The American people have always been tough, and when things get tough, as the saying goes, the tough get going.
This crisis — the coronavirus — is no different. After a stuttering start, when Americans weren’t really sure just how bad things might get, they’ve come together in an extraordinary way. And for every story about the greedy hoarding toilet paper and punching each other over the last jar of tomato sauce, there’s a story out there of an act of kindness selflessly performed by a caring American.
In Houston, Texas, for instance, a couple left a $9,400 tip at a restaurant. “Irma’s southwest restaurant in Houston, Texas, says a person came in on Monday after Harris county announced a mandatory shutdown of bars and nightclubs,” according to CBS17. “That’s when, restaurant employees say, a customer left them a $9400 tip.” The couple left a note on the receipt that read, ‘Hold tip to pay you guys over the next few weeks.’”
In San Diego, a Facebook group created to coordinate volunteer efforts — San Diego Community Volunteers — saw a massive influx of people offering to help, going from 50 members to more than 400 in a matter of days.
In Walnut Creek, Ca., outside San Francisco, a dentist is offering free emergency dental services — at home, since much of the state is on lockdown — to ease congestion at hospital emergency rooms, Yahoo! News reports. And there’s much more.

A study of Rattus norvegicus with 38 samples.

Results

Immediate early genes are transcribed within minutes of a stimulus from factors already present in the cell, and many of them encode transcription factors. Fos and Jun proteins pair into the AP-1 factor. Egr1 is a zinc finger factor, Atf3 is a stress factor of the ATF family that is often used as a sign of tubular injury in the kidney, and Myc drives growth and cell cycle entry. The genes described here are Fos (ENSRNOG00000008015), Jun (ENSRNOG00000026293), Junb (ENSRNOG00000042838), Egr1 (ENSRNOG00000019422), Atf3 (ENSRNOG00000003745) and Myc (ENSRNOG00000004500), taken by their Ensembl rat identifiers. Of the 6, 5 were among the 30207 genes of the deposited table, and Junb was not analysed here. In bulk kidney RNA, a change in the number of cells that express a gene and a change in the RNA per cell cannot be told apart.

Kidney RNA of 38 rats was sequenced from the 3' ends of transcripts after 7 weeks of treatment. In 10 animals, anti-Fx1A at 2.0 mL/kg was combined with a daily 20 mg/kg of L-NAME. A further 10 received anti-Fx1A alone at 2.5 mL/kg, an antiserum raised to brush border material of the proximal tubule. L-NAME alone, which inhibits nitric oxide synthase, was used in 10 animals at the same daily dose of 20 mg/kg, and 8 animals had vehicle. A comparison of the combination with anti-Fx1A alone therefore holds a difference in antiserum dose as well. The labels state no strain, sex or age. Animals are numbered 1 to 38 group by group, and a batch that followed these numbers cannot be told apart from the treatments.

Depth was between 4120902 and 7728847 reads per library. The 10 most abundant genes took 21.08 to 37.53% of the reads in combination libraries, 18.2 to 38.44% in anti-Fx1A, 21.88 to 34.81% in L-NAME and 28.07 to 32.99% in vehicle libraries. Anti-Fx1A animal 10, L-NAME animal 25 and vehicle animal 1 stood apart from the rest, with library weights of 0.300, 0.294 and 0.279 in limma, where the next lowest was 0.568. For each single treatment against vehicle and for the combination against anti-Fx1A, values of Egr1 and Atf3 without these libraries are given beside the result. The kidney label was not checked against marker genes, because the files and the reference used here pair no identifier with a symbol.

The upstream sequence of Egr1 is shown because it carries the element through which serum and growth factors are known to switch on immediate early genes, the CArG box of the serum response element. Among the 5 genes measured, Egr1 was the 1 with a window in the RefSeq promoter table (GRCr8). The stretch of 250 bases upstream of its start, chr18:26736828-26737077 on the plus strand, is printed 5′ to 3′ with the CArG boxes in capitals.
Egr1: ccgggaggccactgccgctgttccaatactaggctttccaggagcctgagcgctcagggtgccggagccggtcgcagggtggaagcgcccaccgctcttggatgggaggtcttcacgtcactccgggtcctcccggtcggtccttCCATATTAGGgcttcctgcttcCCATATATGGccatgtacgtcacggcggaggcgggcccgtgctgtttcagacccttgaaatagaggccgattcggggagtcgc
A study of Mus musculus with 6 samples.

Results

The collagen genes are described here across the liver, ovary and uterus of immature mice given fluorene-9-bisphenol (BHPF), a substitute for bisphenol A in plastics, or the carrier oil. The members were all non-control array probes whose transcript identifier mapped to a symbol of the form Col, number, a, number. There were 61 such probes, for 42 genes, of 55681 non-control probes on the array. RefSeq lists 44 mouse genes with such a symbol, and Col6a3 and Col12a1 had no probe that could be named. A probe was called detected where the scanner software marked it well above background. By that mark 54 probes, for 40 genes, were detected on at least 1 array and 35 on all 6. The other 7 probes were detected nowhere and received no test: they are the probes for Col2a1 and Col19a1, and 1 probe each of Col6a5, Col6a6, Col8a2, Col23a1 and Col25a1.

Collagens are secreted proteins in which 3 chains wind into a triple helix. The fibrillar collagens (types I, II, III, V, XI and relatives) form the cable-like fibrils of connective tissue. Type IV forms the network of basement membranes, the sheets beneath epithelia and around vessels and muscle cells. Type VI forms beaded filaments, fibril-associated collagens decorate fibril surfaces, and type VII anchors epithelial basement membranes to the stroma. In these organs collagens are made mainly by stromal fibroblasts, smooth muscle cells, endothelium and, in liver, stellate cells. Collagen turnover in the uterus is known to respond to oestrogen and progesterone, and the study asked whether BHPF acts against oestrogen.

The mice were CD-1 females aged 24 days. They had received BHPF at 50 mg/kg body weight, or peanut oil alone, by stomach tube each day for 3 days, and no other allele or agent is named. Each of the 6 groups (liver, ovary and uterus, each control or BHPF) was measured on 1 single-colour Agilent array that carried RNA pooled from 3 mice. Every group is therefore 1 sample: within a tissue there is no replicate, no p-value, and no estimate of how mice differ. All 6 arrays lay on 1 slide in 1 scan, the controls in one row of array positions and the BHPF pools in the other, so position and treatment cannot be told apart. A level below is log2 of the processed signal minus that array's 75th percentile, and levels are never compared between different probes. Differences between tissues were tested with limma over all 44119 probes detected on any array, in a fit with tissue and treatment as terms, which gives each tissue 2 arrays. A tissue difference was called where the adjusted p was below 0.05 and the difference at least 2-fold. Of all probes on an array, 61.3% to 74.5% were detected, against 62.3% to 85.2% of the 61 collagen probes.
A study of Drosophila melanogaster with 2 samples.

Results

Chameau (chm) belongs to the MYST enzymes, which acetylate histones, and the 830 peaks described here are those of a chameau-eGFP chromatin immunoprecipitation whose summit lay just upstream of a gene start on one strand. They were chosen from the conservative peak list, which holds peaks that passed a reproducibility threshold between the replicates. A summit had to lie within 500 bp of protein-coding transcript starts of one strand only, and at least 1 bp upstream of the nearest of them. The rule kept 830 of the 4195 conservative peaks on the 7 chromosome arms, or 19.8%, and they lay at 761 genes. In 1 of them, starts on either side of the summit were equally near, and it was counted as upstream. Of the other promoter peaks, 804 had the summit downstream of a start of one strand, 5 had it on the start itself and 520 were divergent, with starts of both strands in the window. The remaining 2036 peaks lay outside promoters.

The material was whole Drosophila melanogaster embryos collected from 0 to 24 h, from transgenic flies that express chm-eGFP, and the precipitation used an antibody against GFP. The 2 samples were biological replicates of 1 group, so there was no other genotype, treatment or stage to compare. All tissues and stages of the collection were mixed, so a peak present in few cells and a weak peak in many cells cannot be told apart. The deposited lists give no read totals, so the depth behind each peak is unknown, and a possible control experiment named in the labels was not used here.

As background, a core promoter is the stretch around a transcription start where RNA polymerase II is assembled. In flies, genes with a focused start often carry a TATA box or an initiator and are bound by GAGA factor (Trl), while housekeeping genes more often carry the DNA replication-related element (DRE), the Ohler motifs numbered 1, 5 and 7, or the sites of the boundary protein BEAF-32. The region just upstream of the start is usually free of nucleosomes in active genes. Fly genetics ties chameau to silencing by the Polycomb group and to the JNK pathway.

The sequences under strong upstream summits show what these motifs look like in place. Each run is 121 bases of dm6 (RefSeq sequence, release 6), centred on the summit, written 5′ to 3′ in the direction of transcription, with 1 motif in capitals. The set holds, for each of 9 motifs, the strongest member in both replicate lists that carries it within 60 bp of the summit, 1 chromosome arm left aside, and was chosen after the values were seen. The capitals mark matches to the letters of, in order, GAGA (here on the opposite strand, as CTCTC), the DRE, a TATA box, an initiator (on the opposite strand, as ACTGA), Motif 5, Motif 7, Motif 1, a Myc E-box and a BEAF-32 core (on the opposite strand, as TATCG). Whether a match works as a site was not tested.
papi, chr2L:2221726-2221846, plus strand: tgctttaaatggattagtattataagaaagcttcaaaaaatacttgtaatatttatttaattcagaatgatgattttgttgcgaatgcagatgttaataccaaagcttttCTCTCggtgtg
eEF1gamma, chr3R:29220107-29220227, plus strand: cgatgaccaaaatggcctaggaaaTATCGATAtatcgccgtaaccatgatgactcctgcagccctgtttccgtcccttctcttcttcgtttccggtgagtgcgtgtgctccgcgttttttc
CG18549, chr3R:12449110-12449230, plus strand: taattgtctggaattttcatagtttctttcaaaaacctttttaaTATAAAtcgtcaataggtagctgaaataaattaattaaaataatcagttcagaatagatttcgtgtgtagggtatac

Further north, in the neighboring state of Oregon, the Shine Spirits distillery is turning byproduct into a hand cleaning solution with 80 percent alcohol. In the small town of Coos Bay, also in Oregon, coffee shop owner John Beane is hosting virtual story times for kids after shutting down his cafe. “We come from the theater and stories which are always a part of the shop,” Beane, the owner of So It Goes Coffeehouse, told AFP. … This was something we thought we might be able to do well for them.”
Then there’s Nathan Sheppard in Smithfield, N.C. Sheppard took to Facebook Live, playing guitar and asking for donations to help others, ABC-11 reported.
“In one day, Sheppard raised $235, which he used to tip a local waitress. By chance, that person ended up being SoDoSoPa [restaurant] worker Jessica Young, a single mother of three who is waiting for a new kidney and pancreas. ‘I cried,’ Young said. ‘I waited tables and bartended for quite a long time and nothing like that has ever happened so I was very gracious.'”
Meanwhile, in these dark days of the virus, others are literally lighting up the country. Even though it’s March, people are putting back up Christmas lights to make things less gloomy.
The movement began on Twitter, where one user wrote: “What if we all put our Christmas lights back up? Then we could get in the car and drive around and look at them. That seems like a fair social distancing activity.”
What if we all put our Christmas lights back up? Then we could get in the car and drive around and look at them. That seems like a fair social distancing activity.
— Lane Grindle (@lanegrindle) March 15, 2020
“For others though, hanging Christmas lights represents so much more,” wrote House Beautiful. “As Twitter user @lisastregis shares, the lights serve as a sign of hope in a particularly dark time. Lisa recounts how an elderly neighbor asked a friend’s husband to turn on their Christmas lights because of the darkness in the world right now. They obliged and ‘there are bright dancing Christmas lights now on in their neighborhood.’ She ends her post with the hashtag #CoronaKindness, a reminder for all of us to show a little extra love in these trying times.”
And President Donald Trump said in a White House briefing on Saturday: “We’re all one big beautiful American family.”